What does the Upcoming Supreme Court decision in South Dakota v. Wayfair, Inc., have to do with me?
Last month, the U.S. Supreme Court heard the case of South Dakota v Wayfair, Inc., which involves the taxation of interstate commerce. South Dakota is looking to have the court change the law and require businesses to collect sales or use taxes in connection with online purchases even if the company has no physical presence in the state. Depending on the outcome of this case, there is a possibility of major changes for companies doing online business.
Background on Sales Tax and the Internet
In 1992, in Quill v. North Dakota, the Supreme Court ruled that states were prevented from collecting sales tax on internet and e-commerce sales unless the seller had a physical presence in that state. In most states, consumers are required to self-assess use tax on out-of-state purchases and remit the tax to their resident state. However, sales and use tax generated by e-commerce is very difficult for states to administer and collect.
It is estimated that by the end of 2018, 91% of all retailers will have an online presence. As e-commerce becomes more common, this is a huge revenue loss for many states who are looking for additional revenue streams.
Arguments in South Dakota v. Wayfair, Inc.
In the 2018 Supreme Court case, South Dakota is making the argument that out of state retailers who have an economic presence within the state should have a requirement to collect tax from purchasers in that state. South Dakota is requesting that either the Supreme Court overturn the 1992 decision of the Quill case or send a directive to Congress to develop a national law that deals with all the problems associated with this interstate commerce issue.
South Dakota is requesting that either the Supreme Court overturn the 1992 decision of the Quill case or send a directive to Congress to develop a national law that deals with all the problems associated with this interstate commerce issue.
If the Supreme Court overturns the decision of the Quill case, there is the concern of the retroactive collection of sales tax. Some argue this would be egregious to small to mid-size business owners, especially since the record keeping and collection could be difficult. As the law stands now, this would require that every small business register in every taxing jurisdiction in which they make sales. And of course, every taxing jurisdiction has different thresholds and different rules regarding the taxability of goods and services. A small to mid-size retailer would incur a significant burden in tracking sales by jurisdiction and dealing with the different rules that come into play.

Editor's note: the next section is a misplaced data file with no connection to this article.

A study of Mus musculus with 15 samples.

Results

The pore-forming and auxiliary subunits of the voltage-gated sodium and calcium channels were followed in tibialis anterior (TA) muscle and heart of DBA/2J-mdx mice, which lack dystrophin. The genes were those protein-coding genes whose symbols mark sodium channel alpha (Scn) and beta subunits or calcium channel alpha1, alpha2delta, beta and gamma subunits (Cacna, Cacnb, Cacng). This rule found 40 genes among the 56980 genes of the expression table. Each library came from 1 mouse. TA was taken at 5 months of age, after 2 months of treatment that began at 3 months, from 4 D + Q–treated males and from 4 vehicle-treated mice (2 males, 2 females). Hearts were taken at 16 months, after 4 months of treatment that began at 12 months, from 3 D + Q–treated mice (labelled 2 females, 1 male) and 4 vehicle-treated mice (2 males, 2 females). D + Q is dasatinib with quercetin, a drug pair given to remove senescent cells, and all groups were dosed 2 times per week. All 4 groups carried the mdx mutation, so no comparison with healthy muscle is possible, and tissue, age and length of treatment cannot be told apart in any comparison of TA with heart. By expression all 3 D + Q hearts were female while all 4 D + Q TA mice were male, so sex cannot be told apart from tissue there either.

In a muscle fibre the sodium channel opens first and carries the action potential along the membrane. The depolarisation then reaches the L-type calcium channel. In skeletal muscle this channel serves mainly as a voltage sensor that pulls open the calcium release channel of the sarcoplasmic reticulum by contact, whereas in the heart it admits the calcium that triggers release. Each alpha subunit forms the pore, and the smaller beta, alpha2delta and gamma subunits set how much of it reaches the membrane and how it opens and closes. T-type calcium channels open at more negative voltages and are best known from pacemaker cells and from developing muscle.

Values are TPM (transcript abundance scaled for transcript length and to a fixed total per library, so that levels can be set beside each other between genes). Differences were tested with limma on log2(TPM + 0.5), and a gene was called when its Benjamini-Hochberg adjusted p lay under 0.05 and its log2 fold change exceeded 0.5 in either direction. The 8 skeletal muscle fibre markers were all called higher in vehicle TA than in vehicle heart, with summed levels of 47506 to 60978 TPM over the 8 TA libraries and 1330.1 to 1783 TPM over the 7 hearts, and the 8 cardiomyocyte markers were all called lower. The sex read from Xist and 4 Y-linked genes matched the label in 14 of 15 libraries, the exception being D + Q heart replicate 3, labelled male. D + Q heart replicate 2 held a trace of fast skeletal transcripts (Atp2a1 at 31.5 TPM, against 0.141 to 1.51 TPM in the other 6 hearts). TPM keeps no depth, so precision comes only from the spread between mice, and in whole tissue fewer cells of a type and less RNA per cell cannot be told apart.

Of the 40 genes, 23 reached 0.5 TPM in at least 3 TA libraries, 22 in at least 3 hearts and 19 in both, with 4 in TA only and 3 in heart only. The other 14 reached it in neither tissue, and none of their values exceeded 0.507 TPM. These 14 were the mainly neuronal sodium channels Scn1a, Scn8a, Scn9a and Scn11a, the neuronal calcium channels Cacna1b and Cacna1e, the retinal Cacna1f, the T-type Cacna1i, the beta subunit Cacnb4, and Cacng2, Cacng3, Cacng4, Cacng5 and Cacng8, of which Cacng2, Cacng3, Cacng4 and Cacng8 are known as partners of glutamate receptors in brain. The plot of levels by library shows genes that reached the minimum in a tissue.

Business owners would prefer that the Supreme Court not overturn the case and prevent the free-for-all in writing rules that would occur if Quill is overturned. South Dakota’s argument here is that Congress has had 26 years to act and has not done so thus they are asking the Supreme Court to determine and/or rewrite the law.
If Congress were to create a uniform Commerce Clause it would mean that all interstate commerce (without physical presence) would collect and remit sales tax at a uniform rate and states would share in their respective portions. The States would have an additional revenue stream that they are looking for and small to mid-size retailers who want to sell nationwide would not have to figure out a process for sales tax tracking and filing. Unfortunately, this may mean higher costs for the consumers on internet purchases. According to the court case, 19 of the top 20 online retailers (like Amazon) are already collecting and remitting sales tax in all states. This is due to the opening of distribution warehouses in multiple states, therefore creating a physical presence.
How can DHJJ help?
DHJJ will be monitoring this court case and will update you when a final decision is reached. The decision could come as early as June. If your business has questions on state and local taxation, or you would like training for your staff, please contact DHJJ’s State and Local Tax (SALT) group by calling 630-420-1360, or contact us using the form below.